Louisville recruit Seygan Robins on a mission to win back-to-back Kentucky state titles

Courtesy Pam Merchant

Louisville signee Seygan Robins and Mercer County are headed for a collision with Tennessee powerhouse Hamilton Heights Christian.

Named for an astronomer, Seygan Robins was a freshman when one of her passes made contact.

Just not the way she intended.

Taking the ball out of bounds under her own basket, Robins, now a 5-foot-10 senior point guard at Mercer County (Harrodsburg, Kentucky), was supposed to throw the ball to the near block. But she spotted teammate Emmy Souder on the opposite side, wide open, and fired a hard chest pass right on the money.

"I get smacked in the face," Souder said. "And I couldn't see for the next five minutes of the game."

Robins' teammates (and others) have learned a lot since then.

"She makes no-look passes to the refs," said David Tapley, who has coached Robins since seventh grade with the Kentucky Premier AAU team. "She has always been 10 steps ahead of the other kids, and that -- at times -- has made her seem out of control."

Last season Robins, a Louisville signee, Souder and three other players who have been together since their Ninja Titans fourth-grade travel team won a 2016-17 state title, the first in Mercer County history.

Now Robins, a University of Louisville recruit and the No. 38 prospect in the espnW HoopGurlz Top 100 for the 2018 class, is on a mission to help Mercer County repeat as state champs.

A prickly star?

Robins' father, Brandon, was watching a science-fiction movie called "Contact," when he found his inspiration. His wife, Marta, was pregnant, and Brandon noticed the name of astronomer Carl Sagan in the closing credits. The Robins called an audible in terms of the exact spelling, but the family had their name for their second child and only daughter.

Seygan seemed to arrive with an out-of-this world competitive spirit. As a little kid, if she found herself losing a board game to her brother Tanner, she would find an excuse to stop playing -- anything not to lose.

In third grade, she was the only girl on an otherwise all-boys' team. She was small and scrawny, but she earned the boys' respect quickly. But, somehow, everyone on the team mistook her name for "Sadie," and Robins played along for the entire season.

Courtesy Pam Merchant

Mercer County senior Seygan Robins already has scored more than 2,000 points in high school.

"I didn't tell them I wasn't Sadie -- I just went with it," said Robins, 18. "I guess I was a little intimidated."

That has since changed as Robins plays a fearless brand of ball, supremely confident in her ability. She has made first-team all-state two years in a row, averaging 16.5 points, 4.5 assists and 3.1 rebounds as a junior. She shot 79.5 percent from the foul line last season and 44.4 percent on 3-pointers.

Mercer County's 19th-year coach, Chris Souder, who is Emmy's uncle as well as Robins' uncle by marriage, put Seygan on varsity when she was in seventh grade.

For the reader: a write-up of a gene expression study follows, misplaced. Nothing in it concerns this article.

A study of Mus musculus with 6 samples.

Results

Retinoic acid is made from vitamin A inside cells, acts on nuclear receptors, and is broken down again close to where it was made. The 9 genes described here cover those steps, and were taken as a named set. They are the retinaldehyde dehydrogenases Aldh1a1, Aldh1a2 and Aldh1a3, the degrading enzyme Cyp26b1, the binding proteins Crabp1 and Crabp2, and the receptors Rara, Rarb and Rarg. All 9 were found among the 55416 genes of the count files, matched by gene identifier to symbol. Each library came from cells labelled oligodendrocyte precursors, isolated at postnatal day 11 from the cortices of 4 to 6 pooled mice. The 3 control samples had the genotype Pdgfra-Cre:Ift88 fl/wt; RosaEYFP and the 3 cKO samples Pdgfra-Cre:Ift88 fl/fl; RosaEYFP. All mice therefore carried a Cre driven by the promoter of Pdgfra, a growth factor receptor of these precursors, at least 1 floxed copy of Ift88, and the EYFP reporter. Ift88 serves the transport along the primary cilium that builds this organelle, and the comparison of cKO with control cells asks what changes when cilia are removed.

The season before that, she was brought up to the varsity for a game so she could sit on the bench and get used to the environment and speed of play.

But Robins didn't like that plan. When she didn't get in the game, she slammed the door on her way out of the locker room, irate at her uncle's coaching decision.

"She thought she should be not only playing ... but starting," Marta Robins said with a laugh.

Robins became a starter in eighth grade, and she has more than 2,000 career points. But she is far from satisfied. A lefty, Robins has made a concerted effort to use her right hand more. She also wants to improve her mid-range game and get the release of her shot higher and quicker.

"Whether it's at 6 a.m. or after school," Chris Souder said, "whenever Seygan has something to improve, she goes to war in that effort."

Setting her coordinates

Robins had long made it clear she wanted to stay close to home for college, and that meant a battle royale between the University of Kentucky, whose campus is just 30 minutes northeast from her house, and Louisville, 75 minutes away, northwest.

Robins chose the Cardinals, in part because coach Jeff Walz's hard-nosed style reminds her of Souder.

She committed to Louisville in the summer before her junior year and then went on to win that historic state title, beating Franklin County 85-71 last March on the campus of Northern Kentucky University.

Robins posted 19 points and seven assists, earning MVP honors as Mercer County (31-6) ended its season on a 13-game win streak.

"After we won, I looked up in the stands, and I saw our entire town standing on their feet," Robins said. "That was pretty crazy to see."

Emmy Souder said it was no surprise that Robins led the team to greatness.

"Seygan is basically a baller in everything she does," said Emmy, who scored a team-high 20 points in the state final. "Everybody in school basically loves her. Seygan makes everyone feel like they're awesome."

Mercer County has indeed been awesome this season. Robins was named MVP of the Naples Holiday Shootout in Florida after leading her team to the title. Mercer County is ranked No. 12 in the espnW 25 Power Rankings. The team's lone loss was to Riverdale (Murfreesboro, Tennessee), in the season opener. Next week they'll take on former No. 1 Hamilton Heights Christian (Chattanooga, Tennessee) in a showdown that could have national championship implications.

"She should win Kentucky's Miss Basketball," Emmy Souder said. "She deserves it, and if she doesn't win, I'll be very upset."